EPHECT > Description


The prevalence of allergies, asthma and other respiratory diseases is found to have increased in the last decades. Among other factors, this trend has been related to adverse health effects of air pollution. Although some causal relations between ambient or occupational exposures and health effects have been reported, only little is known on the health risks of short and long-term exposure to indoor air pollutants.

Product emissions are major contributors to the indoor air quality in dwellings. Several international studies have reported on the occurrence of ingredients of health concern in consumer products. Emission strengths of these ingredients, secondary reactions and typical indoor uses and use patterns are main determinants of the user’s and the occupant’s exposure. The major exposure route for occupants to these air pollutants is inhalation, however, for certain ingredients or uses dermal exposure to vapours and particles might be significant as well.

EPHECT focuses on consumer products, known to be potential sources of hazardous and other health relevant air pollutants in dwellings. The main aim is to identify and quantify a set of key indoor air pollutants and emerging pollutants emitted by a selection of consumer product classes, whilst simulating typical European use conditions.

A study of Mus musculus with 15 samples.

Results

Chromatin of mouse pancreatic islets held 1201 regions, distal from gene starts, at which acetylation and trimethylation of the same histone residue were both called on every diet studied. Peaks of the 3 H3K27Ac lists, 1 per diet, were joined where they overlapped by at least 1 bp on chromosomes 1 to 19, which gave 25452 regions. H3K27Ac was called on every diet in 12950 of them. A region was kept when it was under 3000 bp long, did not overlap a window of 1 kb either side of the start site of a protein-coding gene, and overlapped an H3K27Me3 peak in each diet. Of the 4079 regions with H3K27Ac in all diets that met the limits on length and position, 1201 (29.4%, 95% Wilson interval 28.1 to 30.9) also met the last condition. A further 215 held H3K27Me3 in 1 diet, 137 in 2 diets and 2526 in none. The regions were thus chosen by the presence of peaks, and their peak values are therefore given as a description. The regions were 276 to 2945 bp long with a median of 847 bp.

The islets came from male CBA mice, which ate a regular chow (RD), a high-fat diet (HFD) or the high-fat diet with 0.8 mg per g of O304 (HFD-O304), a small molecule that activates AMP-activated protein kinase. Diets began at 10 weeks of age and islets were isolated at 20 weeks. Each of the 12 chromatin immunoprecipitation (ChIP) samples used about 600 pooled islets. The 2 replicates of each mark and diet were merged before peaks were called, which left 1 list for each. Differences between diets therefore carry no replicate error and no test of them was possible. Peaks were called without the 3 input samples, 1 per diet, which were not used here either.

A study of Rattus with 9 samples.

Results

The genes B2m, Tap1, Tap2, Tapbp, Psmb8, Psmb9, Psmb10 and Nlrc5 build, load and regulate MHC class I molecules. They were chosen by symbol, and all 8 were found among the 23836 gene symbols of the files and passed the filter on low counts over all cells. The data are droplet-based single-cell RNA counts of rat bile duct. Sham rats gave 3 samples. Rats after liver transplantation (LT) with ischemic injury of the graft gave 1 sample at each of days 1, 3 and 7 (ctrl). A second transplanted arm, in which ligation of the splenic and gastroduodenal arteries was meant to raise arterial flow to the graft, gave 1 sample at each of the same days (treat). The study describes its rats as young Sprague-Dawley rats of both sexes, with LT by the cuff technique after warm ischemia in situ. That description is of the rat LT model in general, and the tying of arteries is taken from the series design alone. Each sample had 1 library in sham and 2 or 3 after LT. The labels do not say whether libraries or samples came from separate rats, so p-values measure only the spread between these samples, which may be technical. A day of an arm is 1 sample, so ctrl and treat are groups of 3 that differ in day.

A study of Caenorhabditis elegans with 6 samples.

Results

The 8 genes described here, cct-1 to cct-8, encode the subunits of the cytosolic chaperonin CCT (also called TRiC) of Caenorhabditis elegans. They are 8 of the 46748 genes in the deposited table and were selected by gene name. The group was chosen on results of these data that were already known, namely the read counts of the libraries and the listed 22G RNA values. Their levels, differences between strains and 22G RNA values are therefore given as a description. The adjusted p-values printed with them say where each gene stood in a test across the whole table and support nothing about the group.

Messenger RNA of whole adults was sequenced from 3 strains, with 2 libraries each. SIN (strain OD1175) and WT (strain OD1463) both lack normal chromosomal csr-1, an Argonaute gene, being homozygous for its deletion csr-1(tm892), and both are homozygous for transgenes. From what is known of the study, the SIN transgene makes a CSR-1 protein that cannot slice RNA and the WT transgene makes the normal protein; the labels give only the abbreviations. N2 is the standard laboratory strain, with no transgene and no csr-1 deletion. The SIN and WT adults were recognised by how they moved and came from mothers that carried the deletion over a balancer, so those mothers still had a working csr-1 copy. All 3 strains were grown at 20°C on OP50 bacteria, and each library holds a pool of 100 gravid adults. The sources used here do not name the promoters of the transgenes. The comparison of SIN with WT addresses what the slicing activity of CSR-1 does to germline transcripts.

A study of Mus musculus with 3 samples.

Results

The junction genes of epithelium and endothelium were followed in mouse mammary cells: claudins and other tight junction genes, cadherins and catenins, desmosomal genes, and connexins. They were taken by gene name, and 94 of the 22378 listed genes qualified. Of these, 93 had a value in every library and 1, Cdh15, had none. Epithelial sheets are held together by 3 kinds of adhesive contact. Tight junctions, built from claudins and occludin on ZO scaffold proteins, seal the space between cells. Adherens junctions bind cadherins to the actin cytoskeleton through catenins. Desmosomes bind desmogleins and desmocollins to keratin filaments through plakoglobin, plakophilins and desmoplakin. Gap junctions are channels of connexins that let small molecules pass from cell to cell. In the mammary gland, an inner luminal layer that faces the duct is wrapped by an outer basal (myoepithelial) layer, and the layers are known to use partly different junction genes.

These pollutants constitute of (1) compounds prioritised by relevant international concerted actions or international organisations, such as INDEX, BUMA and WHO and (2) compounds reported in open literature as (potential) hazardous and occurring in this type of consumer products. They include gaseous and particulate matter emissions, secondary reactions and degradations of coated surfaces. The data will then contribute to develop a BUMAC (Consumer products) database on consumer product emissions.

The overall risk associated with inhalation exposure will be studied and evaluated to achieve an appropriate risk assessment, guidance and policy recommendations on exposure reduction. Special attention will be paid on susceptible populations, such as children and elderly.